Language Selection

English French German Italian Portuguese Spanish

Need a new computer? Wait for new faster chips

Filed under
Hardware

These days, with computer prices lower than ever, you can get a bare-bones Mac or PC for less than $500. But if you're thinking about buying a new computer, you might want to wait a few months.

There's a lot of progress being made in the world of central processing unit (CPU) chips, which power the computer. Intel and AMD, the two top manufacturers of CPU chips, recently introduced dual-core chips, meaning there are two CPUs in one package.

By some calculations, new machines with these CPUs will be up to twice as fast. With this speed, you'll be able to do a lot more multitasking, for example, creating a CD and editing digital video at the same time.

New computers with the dual-core chips will soon be brought out by all major manufacturers including such market leaders as Dell and Hewlett Packard. And for all the Mac folks, Apple announced it will begin manufacturing computers using Intel chips by this time next year.

But, the newest computers are also usually the most expensive. For example, current price estimates for the AMD dual-core chips range from $637 to $1,299. That's just for the processor chip. One money-saving strategy is to wait a while until the novelty of faster processors -- and high price -- wears off.

If you need a new machine right away, buy whatever was near the top of the line before the new-product announcements.

Source.

More in Tux Machines

3 little things in Linux 4.10 that will make a big difference

Linux never sleeps. Linus Torvalds is already hard at work pulling together changes for the next version of the kernel (4.11). But with Linux 4.10 now out, three groups of changes are worth paying close attention to because they improve performance and enable feature sets that weren’t possible before on Linux. Here’s a rundown of those changes to 4.10 and what they likely will mean for you, your cloud providers, and your Linux applications. Read more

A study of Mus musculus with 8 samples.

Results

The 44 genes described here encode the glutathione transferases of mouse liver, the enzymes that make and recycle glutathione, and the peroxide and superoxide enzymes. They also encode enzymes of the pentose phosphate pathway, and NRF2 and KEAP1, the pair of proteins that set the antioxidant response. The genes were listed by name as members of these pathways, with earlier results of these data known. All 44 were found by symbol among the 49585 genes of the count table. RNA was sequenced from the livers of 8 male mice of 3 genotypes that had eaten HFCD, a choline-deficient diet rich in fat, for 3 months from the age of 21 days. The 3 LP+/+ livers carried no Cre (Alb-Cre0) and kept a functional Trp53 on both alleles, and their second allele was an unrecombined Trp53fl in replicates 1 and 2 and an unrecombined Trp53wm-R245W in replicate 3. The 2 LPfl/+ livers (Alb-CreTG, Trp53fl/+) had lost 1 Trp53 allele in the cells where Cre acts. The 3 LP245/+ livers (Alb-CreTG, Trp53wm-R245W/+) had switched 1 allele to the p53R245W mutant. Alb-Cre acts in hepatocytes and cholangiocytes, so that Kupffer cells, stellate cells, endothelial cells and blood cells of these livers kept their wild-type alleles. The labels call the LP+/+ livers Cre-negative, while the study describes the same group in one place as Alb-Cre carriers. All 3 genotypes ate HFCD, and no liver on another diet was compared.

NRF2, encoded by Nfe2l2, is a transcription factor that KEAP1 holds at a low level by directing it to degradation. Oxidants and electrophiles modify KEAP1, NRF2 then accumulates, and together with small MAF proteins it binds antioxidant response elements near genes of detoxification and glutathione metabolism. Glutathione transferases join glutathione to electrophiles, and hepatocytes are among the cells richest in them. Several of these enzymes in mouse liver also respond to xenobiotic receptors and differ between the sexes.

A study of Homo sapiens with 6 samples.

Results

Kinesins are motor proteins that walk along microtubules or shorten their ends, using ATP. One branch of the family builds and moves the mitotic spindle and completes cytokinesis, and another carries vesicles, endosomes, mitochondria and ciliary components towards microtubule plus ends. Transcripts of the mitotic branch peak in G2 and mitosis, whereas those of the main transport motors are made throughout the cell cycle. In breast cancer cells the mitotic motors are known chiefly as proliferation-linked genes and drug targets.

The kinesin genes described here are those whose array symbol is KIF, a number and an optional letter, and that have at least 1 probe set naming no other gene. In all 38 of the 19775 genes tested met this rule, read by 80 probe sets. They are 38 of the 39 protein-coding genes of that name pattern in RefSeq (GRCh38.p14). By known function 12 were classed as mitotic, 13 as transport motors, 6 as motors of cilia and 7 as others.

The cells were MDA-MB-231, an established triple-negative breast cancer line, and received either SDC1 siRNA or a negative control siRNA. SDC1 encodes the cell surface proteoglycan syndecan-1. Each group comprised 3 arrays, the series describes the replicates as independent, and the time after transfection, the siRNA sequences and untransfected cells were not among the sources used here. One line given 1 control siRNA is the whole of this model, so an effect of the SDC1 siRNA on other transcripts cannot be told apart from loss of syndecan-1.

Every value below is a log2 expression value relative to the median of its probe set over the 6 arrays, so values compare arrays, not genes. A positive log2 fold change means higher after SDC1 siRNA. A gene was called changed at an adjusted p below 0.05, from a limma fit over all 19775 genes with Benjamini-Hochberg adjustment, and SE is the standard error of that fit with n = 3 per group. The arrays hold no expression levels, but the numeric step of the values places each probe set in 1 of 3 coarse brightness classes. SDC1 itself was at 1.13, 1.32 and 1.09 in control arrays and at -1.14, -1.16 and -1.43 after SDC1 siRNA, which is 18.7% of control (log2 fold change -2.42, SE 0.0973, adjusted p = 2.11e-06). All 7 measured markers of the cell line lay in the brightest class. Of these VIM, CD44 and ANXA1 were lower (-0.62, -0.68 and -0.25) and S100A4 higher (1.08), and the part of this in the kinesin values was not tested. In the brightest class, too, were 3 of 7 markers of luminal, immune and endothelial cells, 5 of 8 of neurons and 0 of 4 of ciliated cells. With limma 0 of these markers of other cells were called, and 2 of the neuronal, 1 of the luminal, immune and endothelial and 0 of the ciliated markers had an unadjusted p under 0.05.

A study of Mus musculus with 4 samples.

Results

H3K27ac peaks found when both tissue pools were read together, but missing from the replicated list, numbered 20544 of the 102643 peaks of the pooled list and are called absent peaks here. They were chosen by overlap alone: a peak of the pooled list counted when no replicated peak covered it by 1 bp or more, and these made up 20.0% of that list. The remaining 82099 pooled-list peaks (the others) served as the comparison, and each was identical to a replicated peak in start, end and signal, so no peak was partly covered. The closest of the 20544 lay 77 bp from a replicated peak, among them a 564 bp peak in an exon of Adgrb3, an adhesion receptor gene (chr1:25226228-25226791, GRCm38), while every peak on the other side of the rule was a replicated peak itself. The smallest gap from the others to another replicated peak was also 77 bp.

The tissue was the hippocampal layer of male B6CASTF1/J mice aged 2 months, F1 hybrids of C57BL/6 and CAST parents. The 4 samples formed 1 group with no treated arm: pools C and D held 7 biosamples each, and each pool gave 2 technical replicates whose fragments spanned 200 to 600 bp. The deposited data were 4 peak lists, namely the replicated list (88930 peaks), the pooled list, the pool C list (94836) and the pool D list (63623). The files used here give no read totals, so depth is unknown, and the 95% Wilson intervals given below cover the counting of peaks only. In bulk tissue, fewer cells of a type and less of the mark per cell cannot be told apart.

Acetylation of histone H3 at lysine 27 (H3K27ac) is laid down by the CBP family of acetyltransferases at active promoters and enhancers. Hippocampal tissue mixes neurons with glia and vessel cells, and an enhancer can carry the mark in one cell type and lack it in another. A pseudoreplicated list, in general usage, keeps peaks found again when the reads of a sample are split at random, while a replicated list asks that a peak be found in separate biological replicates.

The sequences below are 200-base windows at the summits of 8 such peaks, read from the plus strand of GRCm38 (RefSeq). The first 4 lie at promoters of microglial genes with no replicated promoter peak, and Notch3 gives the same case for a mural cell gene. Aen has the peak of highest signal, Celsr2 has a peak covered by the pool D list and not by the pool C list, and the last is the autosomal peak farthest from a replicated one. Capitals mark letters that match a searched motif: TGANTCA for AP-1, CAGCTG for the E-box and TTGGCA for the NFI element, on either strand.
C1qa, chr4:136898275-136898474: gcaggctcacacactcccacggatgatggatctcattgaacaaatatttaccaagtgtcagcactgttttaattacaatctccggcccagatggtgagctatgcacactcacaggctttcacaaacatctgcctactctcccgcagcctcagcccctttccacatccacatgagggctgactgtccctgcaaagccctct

SODIMM-style module runs Linux on VIA’s 1GHz Cortex-A9 SoC

VIA unveiled an SODIMM-style COM based on its Cortex-A9 WM8850 SoC, with 512MB RAM and 8GB eMMC, plus Ethernet, CSI, graphics, USB, and serial ports. The 68.6 x 43mm “SOM-6X50” computer-on-module appears to be VIA’s second-ever ARM COM. Back in Sept. 2015, the company released a 70 x 70mm Qseven form factor QSM-8Q60 COM, based on a 1GHz NXP DualLite SoC. Read more

Today in Techrights

today's leftovers

  • LinuXatUSIL – Previas 2 for #LinuxPlaya
    Damian from GNOME Argentina explained us some code based on this tutorial and the widgets in Glade were presented.
  • RancherOS v0.8.0 released! [Ed: and a bugfix release, 0.8.1, out today]
    RancherOS v0.8.0 is now available! This release has taken a bit more time than prior versions, as we’ve been laying more groundwork to allow us to do much faster updates, and to release more often.
  • The Technicals For Red Hat, Inc. (RHT) Tell An Interesting Tale
  • Ubuntu 17.04 Beta 1 Released | New Features And Download
    Ubuntu 17.04 Zesty Zapus Beta 1 release is finally here. If you’re interested, you can go ahead and download the ISO images of the participating flavors, which are, Lubuntu, Kubuntu, Xubuntu, Ubuntu Budgie, Ubuntu GNOME, Ubuntu Kylin, and Ubuntu Studio. Powered by Linux kernel 4.10, these releases feature the latest stable versions of their respective desktop environments. This release will be followed by the Final Beta release on March 23 and final release on April 13.
  • Ubuntu 17.04 Beta 1 Now Available to Download
    The first beta releases in the Ubuntu 17.04 development cycle are ready for testing, with Xubuntu, Ubuntu GNOME and Ubuntu Budgie among the flavors taking part.